Robotics update etc....


Post by susan » Fri Apr 01, 2011 10:52 pm

I copied the following newspaper article as I thought some would find it interesting. Please feel free to e mail comments. Nice to be back by the way.

By Tony Butler,
Science Editor. (Independent Herald UK, March 20th 2011)

A new 'hand shaking' machine has been invented by a group of Japanese university students that is designed to take the place of person-to-person hand shaking.
The team of students in Tokyo, led by P.H.D graduate, Shinani Kyomo dreamed up the device in their spare time.
The machine, which consists of a simple box-like structure that contains a 'robotic' hand, has grabbed the interest of some of Tokyo's top business executives, both in the corporate, and most particularly, in the Health sectors.
'At first, we didn't think anyone would take any interest in such a device,' said Shinani, 'but it turns out that some businesses may actually be taking up the offer, however unlikely that seemed at first,' he added.
However, the new device has snags.
'It seems - at least for the time being - that few, if any, Japanese companies would be interested since we bow rather than make physical contact' said one leading Professor at Tokyo University.
'But when it comes to foreign companies, they seem a lot keener,' he added.
'One of the main reasons is that many business people are uncomfortable about physical touch with other clients, and this device is designed to do away with the need for hand shaking for anyone who doesn't like it.'
'It is not meant to abolish physical touch, but only to provide a choice,' added Dr Sheila Nolan, a computer technology specialist of the East London University of Technology.
The idea is now being taken on board by several US and U.K based companies including some hospitals.
'Although the device may seem a little too impersonal for some, it looks deceptively simple but is actually very elaborate,' said Ms Nolan.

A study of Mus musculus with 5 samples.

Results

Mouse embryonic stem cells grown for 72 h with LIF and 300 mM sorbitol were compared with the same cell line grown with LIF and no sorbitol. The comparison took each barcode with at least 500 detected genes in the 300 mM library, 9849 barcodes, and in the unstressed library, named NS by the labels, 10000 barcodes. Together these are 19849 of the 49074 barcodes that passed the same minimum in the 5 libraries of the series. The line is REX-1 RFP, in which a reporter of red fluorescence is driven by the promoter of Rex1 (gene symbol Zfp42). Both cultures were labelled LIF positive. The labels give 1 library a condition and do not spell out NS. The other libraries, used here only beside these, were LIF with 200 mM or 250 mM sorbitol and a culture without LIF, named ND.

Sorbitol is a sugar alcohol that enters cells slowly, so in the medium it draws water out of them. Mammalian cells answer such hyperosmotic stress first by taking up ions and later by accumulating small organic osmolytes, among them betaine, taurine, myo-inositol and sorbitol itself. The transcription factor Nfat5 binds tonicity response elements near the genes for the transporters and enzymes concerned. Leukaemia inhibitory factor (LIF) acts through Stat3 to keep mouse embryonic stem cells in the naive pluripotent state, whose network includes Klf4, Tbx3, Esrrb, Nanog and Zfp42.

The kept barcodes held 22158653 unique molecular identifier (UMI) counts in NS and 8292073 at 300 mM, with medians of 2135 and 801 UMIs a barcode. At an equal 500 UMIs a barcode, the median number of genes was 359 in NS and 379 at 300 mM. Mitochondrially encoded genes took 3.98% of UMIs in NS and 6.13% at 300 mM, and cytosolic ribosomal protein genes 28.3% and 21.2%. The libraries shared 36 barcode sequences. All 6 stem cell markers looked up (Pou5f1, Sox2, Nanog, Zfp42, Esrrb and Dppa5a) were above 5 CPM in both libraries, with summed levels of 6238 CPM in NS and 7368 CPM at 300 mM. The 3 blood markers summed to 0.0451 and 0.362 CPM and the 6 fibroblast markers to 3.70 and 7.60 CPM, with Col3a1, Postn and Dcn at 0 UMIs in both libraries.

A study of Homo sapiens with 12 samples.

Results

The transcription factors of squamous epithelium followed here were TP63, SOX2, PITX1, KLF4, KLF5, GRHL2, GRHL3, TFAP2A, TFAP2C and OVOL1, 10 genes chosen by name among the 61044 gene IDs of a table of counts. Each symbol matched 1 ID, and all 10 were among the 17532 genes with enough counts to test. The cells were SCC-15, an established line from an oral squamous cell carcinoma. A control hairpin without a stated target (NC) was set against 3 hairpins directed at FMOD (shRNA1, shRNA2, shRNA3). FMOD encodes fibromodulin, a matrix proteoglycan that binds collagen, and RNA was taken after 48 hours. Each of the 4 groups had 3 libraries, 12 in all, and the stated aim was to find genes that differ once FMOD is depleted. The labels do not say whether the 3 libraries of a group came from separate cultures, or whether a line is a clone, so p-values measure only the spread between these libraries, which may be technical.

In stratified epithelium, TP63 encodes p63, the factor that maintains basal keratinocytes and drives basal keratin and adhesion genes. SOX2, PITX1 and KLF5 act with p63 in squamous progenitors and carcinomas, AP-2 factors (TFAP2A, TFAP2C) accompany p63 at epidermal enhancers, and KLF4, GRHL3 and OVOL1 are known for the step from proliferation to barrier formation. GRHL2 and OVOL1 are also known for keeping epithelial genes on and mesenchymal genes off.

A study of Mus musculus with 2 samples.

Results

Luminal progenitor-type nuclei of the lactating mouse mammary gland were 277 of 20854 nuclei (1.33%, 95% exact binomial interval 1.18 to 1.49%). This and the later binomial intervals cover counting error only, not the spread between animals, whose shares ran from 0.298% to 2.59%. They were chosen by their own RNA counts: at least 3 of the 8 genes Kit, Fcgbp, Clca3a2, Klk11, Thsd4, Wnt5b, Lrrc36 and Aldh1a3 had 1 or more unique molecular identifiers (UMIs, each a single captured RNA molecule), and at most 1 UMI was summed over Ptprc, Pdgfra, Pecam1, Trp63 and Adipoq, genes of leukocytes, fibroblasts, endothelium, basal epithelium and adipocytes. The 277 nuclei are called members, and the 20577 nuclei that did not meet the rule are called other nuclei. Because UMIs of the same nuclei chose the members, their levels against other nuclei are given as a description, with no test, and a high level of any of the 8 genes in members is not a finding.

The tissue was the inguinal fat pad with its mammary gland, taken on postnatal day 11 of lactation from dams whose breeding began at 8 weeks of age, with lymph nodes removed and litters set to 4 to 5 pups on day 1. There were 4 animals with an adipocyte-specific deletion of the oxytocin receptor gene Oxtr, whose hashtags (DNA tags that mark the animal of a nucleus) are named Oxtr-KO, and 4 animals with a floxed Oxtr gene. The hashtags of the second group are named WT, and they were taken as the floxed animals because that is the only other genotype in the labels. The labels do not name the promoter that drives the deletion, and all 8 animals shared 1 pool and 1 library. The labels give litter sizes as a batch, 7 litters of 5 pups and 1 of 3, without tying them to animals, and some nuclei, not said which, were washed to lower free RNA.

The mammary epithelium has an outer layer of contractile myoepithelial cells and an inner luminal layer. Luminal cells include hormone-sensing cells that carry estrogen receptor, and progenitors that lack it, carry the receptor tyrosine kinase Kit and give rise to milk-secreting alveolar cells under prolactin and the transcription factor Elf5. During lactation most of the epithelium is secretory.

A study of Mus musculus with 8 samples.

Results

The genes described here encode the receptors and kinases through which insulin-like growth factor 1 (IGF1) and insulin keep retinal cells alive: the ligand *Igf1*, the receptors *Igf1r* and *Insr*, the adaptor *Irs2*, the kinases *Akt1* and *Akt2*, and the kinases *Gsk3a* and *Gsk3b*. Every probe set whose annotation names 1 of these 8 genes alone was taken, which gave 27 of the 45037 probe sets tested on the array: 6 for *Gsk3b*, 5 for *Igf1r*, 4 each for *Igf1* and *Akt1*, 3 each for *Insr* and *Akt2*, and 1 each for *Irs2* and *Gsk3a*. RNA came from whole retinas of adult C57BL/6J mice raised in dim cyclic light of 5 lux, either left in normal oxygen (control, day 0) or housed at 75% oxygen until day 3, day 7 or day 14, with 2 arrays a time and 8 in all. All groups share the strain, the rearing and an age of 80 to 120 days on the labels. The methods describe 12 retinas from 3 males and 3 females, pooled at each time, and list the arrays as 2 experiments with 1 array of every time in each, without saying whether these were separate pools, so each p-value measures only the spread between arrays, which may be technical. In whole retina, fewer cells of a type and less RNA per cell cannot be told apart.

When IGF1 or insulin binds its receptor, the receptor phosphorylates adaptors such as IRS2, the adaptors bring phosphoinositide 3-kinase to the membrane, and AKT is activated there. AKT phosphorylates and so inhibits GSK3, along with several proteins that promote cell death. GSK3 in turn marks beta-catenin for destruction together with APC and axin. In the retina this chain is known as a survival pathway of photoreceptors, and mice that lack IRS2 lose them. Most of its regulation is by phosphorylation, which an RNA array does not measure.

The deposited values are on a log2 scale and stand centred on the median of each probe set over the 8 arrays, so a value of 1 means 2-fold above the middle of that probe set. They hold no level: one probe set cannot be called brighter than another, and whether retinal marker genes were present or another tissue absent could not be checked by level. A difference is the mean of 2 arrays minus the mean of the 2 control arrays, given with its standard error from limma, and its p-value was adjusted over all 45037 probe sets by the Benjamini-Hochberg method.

'It is very difficult to design a robotic hand that takes on the functions of a human hand, but the technology is the first step towards building hands for humanoid robots that actually ape the movement of the human hand,' she added.
The idea is that when a client wants to say goodbye, instead of shaking hands with their business colleague, they go over to the machine, which has a sensor, and the hand moves to shake the recipient's. The 'strength' of the handshake can be adjusted, from strong to average, to soft, according to the client's preference.
Some hospitals have been keen to view the new invention, and the Health and Safety Executive have also expressed approval on the grounds that it may help to prevent cross-infection, particularly in hospitals and surgeries.
However, the new device is not without its critics. Dr Stephen Glove, of the London Hospital expressed reservations, as have a few of his colleagues.
'We're not really sure about this at all,' he stated bluntly, 'particularly where patients are concerned. People like some physical contact, especially when they need reassurance and help from nurse or doctor. Some touch can help to build trust and I am not sure if it will be very popular here, either with patients or doctors,' he added.